Coming from a very South Indian background where the staple grain is rice, I really held my head up high and felt I knew well about rice. That did not last long. The visit to a rice market in the Philippines exposed me to so many varieties. In colours, they ranged from glassy white to near jet black. In size, they ranged from a few millimetres to an inch long resembling vermicelli. From that day, I had harboured the love to learn about rice.
Forbidden black rice
Anything forbidden instantly increases the curiosity factor. The rice knows for its accumulation of anthocyanin was quick to be recognised as nutritionally superior. Hence it was reserved for the emperors. This was the basis of forbidden. The rice has multiple cultivars and the one I have used is the Manipuri one.
Earlier I had used the sticky Japanese black rice to make the avocado filled onigiri. Unlike that variety, this one has a nuttier aroma when cooked and a bite to the grain. Both varieties, however, are unpolished.
While cooking this rice, the deep purple colour is imparted to the cooking liquid. Thus gives the unique colour that you want to save while making these recipes. Hence I prefer to give the absorption method for cooking this rice and not strain it.
The north-eastern states of India have unique styles of cooking. Heavily reliant on local herbs and vegetables, this is predominantly a low oil style of cooking. The staple rice-based meals are further made exotic by the varieties of rice available in this region, like this black rice. With roots in Tibetan cuisine, these culinary secrets are often passed between the family. For dessert of course, just like all of us, they too have kheer.
Enjoy this unique recipe, spiced with gentle fragrance and nuttiness from the rice. Bring in the variety and then there is no border in the meals. Let us know how you enjoy this recipe. Tag us when you make this unique kheer or make any other dishes with black rice.
Chak hao amubi kheer
- 1/2 cup black rice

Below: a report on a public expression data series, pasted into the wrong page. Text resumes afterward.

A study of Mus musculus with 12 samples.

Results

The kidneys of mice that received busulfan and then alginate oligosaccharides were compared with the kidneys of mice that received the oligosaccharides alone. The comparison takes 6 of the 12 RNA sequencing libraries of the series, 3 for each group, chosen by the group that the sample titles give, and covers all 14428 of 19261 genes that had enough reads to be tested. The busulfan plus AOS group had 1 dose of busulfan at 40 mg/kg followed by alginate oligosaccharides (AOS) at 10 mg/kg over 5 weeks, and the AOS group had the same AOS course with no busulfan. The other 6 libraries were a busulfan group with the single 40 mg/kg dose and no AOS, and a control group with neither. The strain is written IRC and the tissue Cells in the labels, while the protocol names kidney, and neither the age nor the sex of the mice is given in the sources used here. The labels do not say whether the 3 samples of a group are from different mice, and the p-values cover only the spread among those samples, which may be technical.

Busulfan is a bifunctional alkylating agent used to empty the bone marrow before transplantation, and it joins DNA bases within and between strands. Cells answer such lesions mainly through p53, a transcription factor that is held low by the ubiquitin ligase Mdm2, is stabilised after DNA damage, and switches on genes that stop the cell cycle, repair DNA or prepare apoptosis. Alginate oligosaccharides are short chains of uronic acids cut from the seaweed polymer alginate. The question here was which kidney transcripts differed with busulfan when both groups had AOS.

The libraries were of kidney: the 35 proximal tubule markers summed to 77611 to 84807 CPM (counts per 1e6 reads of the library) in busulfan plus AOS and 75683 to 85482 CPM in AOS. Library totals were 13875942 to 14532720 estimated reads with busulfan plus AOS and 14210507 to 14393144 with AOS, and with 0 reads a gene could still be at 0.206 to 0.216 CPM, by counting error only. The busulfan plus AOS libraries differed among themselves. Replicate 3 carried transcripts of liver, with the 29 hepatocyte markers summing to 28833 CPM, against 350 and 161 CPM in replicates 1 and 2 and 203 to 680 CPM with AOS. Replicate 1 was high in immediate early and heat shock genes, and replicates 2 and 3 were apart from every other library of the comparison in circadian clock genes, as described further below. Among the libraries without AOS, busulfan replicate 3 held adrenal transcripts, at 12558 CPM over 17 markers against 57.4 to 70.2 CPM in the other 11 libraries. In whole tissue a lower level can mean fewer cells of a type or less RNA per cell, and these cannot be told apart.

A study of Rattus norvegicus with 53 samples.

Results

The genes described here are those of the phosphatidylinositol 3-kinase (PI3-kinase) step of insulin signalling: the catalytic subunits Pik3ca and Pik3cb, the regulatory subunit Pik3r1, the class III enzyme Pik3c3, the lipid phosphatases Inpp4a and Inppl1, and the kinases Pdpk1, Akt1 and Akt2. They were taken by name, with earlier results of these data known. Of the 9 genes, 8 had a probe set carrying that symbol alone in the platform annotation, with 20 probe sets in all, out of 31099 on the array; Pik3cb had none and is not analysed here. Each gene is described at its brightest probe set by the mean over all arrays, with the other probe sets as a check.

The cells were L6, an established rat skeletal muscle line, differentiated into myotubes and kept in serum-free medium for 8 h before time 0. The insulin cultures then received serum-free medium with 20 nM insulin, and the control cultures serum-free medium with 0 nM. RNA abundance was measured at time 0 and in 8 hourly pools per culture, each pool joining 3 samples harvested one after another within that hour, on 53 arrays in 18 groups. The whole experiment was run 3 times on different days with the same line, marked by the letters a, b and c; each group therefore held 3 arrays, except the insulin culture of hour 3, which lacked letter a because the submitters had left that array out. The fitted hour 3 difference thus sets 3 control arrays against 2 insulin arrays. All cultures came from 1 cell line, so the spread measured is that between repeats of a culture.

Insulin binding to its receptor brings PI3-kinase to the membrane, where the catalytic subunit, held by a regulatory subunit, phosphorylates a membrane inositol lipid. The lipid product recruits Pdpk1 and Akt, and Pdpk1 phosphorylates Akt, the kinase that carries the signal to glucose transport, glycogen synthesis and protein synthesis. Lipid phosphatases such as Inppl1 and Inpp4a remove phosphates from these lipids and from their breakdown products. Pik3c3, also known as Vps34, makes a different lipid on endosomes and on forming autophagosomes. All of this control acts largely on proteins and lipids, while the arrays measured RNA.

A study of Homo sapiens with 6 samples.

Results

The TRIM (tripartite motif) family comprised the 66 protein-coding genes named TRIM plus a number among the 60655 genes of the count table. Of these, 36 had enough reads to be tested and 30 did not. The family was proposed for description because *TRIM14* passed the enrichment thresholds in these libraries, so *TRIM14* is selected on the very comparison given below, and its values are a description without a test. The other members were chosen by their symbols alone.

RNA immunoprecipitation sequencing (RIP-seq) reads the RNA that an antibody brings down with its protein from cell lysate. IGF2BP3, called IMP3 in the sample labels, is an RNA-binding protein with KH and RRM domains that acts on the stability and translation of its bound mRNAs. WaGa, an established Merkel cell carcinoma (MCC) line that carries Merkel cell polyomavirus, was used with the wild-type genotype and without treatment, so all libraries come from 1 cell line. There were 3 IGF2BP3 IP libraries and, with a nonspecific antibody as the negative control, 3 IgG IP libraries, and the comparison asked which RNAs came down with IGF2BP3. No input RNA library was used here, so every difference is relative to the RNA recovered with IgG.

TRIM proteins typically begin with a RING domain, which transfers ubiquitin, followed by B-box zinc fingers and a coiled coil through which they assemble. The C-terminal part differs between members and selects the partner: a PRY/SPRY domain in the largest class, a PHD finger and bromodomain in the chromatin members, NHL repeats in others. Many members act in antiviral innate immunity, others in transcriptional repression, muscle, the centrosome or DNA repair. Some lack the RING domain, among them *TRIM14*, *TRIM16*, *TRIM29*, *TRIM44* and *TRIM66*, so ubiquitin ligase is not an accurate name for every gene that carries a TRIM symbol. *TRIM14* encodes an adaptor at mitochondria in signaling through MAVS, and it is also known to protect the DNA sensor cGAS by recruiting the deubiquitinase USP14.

- 2 cup drinking water
- 3 cups full cream milk
- 1 long bay leaves
- 3 pods green cardamom
- 1/2 cup jaggery use honey instead if you prefer.
- Wash the rice and drain it.
- Place this in the saucepan with the water and bring it to a boil.
- Stir the rice around and as the liquid evaporates add the milk slowly to keep cooking.
- Add the bay leaf and the crushed cardamom pods at this stage
- Add more of the milk and stir it around till the rice is cooked on a slow simmer with constant stirring.
- The milk acquires a deep purple colour and turns aromatic.
- Once the rice is cooked, remove it from the heat and add the jaggery.
- Stir well, the kheer at this stage will have a flowing consistency.
- Remove the bay leaves and serve warm.
Thank you for sharing that tasty and healthy food recipe.
Such a colorful and delicious looking black rice kheer. Thanks for sharing this interesting Manipuri dessert with us.
What a beautiful kheer. I love how the black rice adds a unique earthy flavour to this traditional Manipuri kheer recipe. Wish I had some black rice to make this chak hao amubi again.
To make this chak hao amubi, black rice kheer on my wishlist since long. As to make this khere the special variety of rice is required and its difficult to get here.
The lovely colour and creaminess of the kheer is so inviting and looks so good.
I love the black rice kheer and it is so aromatic. I have to try using the bay leaf. I have never used that before and I can imagine the flavor.
Never knew that black rice can be transformed into such a unique and delicious dessert. I am sure jaggery adds on different flavours to kheer which we can’t get from refined sugar.
This Manipuri black rice dessert looks absolutely creamy and delectable ! I need to source black rice to give this recipe a try.
Look at that gorgeous color! Chao hao amubi kheer looks delicious! Addition of bay leaves must impart a great flavor to the kheer! Indeed a royal treat!
Mamma Mia! What a delicious color. Totally festive and chak has amubi looks so very attractive. I love the use of jaggery in this kheer.
That’s a brilliant idea to use forbidden rice in a pudding . Looks delish. I use this kavuni arisi in adai.